I used to love this sort of thing. Love it. Boom, slam dunk, take that stupid Christians kind of loved it. Debate over.
But now I look at it and just shake my head and the sheer straw-man-ing. I believe in evolution. I don’t believe that a billion Indians are going to hell. I don’t think that people die young because God needs another angel.
I don’t believe in the God that is represented there at all. And I’m fairly sure that I’m not alone in that.
But this is the way that many people understand Christianity and I really can’t blame them. We do tend to understand the world in simplistic and unsophisticated sound bites because it’s easier, right? Why bother trying to understand something more deeply when you’ve already nailed it. That’s not meant to sound snarky at all even though it might sound like it. If you think that you understand something fully and you’re not particularly interested in it anyway, then why on earth would you seek further clarification?
Recently Stephen Fry (isn’t he fantastic? I was heart broken last month when he announced his marriage. He may be gay but I’ve long held out hope that he and I would end up together. Dreams shattered. I’ll content myself with memorising the script of Peter’s Friends instead) was asked what he would say to God and his resulting feelings about the problem of suffering apparently annihilated God, according to some corners of the internet. As if these problems have never been thought of and agonised over and dissected by people for hundreds of years. I’m not criticising him at all but the problem of evil= no God because we can’t conceptualise the answer is problematic for me.
I liked this article by John Dickson. This sentence sums up (for me, although I don’t think it was its aim) why arguing about these things is ultimately unproductive
“…if you find yourself stuck with the intellectual conviction that there must be a Powerful Mind, you will puzzle through both the beauty and the pain, unable to accept Dawkins’s universe of blind physical forces and genetic replication”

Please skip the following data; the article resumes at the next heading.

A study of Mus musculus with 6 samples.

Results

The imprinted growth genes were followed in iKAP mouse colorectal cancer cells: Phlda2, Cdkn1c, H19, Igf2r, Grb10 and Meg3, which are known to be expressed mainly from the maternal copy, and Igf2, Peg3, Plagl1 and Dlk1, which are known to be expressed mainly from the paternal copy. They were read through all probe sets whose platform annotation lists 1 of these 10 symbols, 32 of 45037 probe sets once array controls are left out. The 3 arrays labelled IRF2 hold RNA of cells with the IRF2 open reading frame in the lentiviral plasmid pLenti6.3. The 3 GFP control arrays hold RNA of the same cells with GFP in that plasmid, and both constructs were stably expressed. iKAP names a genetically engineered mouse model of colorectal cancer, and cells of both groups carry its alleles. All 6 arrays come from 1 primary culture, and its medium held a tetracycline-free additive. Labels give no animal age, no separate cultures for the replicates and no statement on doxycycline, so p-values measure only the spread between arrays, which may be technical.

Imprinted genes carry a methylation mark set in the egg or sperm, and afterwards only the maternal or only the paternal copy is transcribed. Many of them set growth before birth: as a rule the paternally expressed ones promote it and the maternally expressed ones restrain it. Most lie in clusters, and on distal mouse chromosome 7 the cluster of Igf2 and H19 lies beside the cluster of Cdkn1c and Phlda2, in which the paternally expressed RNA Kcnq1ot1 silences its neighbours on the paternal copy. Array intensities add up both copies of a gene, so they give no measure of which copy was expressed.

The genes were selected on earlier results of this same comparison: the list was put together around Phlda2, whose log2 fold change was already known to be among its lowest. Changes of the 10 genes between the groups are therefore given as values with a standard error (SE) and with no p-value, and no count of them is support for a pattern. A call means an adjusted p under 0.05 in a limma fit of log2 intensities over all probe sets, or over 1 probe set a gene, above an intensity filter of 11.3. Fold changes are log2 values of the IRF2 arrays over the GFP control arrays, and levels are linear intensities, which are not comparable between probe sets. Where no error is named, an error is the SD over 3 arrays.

And vice-versa. You will find evidence to suit your world view. I don’t do apologetics and have no interest in arguing the case for God, as such. When someone says that God is as real as Star Wars (which happened last week) then I go ‘OK, that’s fine, your choice’.
As I see it, ‘God’ isn’t a being, or a thing and most definitely isn’t a ‘he’. The personification that we all fall back on doesn’t help us understand the complexity. This book helped me enormously in understanding this, because a life time of stereotypical thoughts (as in the above meme) can be hugely hard to break away from, even if you’re consciously trying to do so.
I think that the use of the word ‘he’ when referring to god and the father imagery associated with it has done more harm than good, with many people finding this triggering rather than comforting and reassuring. I know that the writers of the Bible needed to make connections that we can relate to and it’s certainly easier to personify instead of trying to wrap our minds around what God may actually be, but I wonder how many people have been put off the whole thing because of their inability to conceptualise a ‘Father in heaven’ who is unconditional, all loving, non judgmental and who we aren’t constantly feeling disapproval from.
Meanwhile, I had an unproductive week last week dipping into some Hebrew to try and find out whether ‘father’ was what the Bible is actually referring to with all the God talk. Didn’t get far but I’m really good at pronouncing ‘ruach Elohim’ now so that’s a win.
I suppose that, given God’s concentration with helping the powerless, the needy and the at risk, it makes sense to have a ‘man’ in charge because patriarchy and all that but still. It’s not necessarily an intuitive bond for everyone.
So, no solutions here tonight! I’m learning that ‘doubt’ and ‘uncertainty’ can operate in very different spheres. I don’t doubt to any large degree that God exists now days; I suppose that you could say that I’m fairly firm in my faith. But within that there is still a huge amount of uncertainty and questioning and eyebrow furrowed puzzling.
And I’m not saying that it’s a bad thing. It’s just the way things are.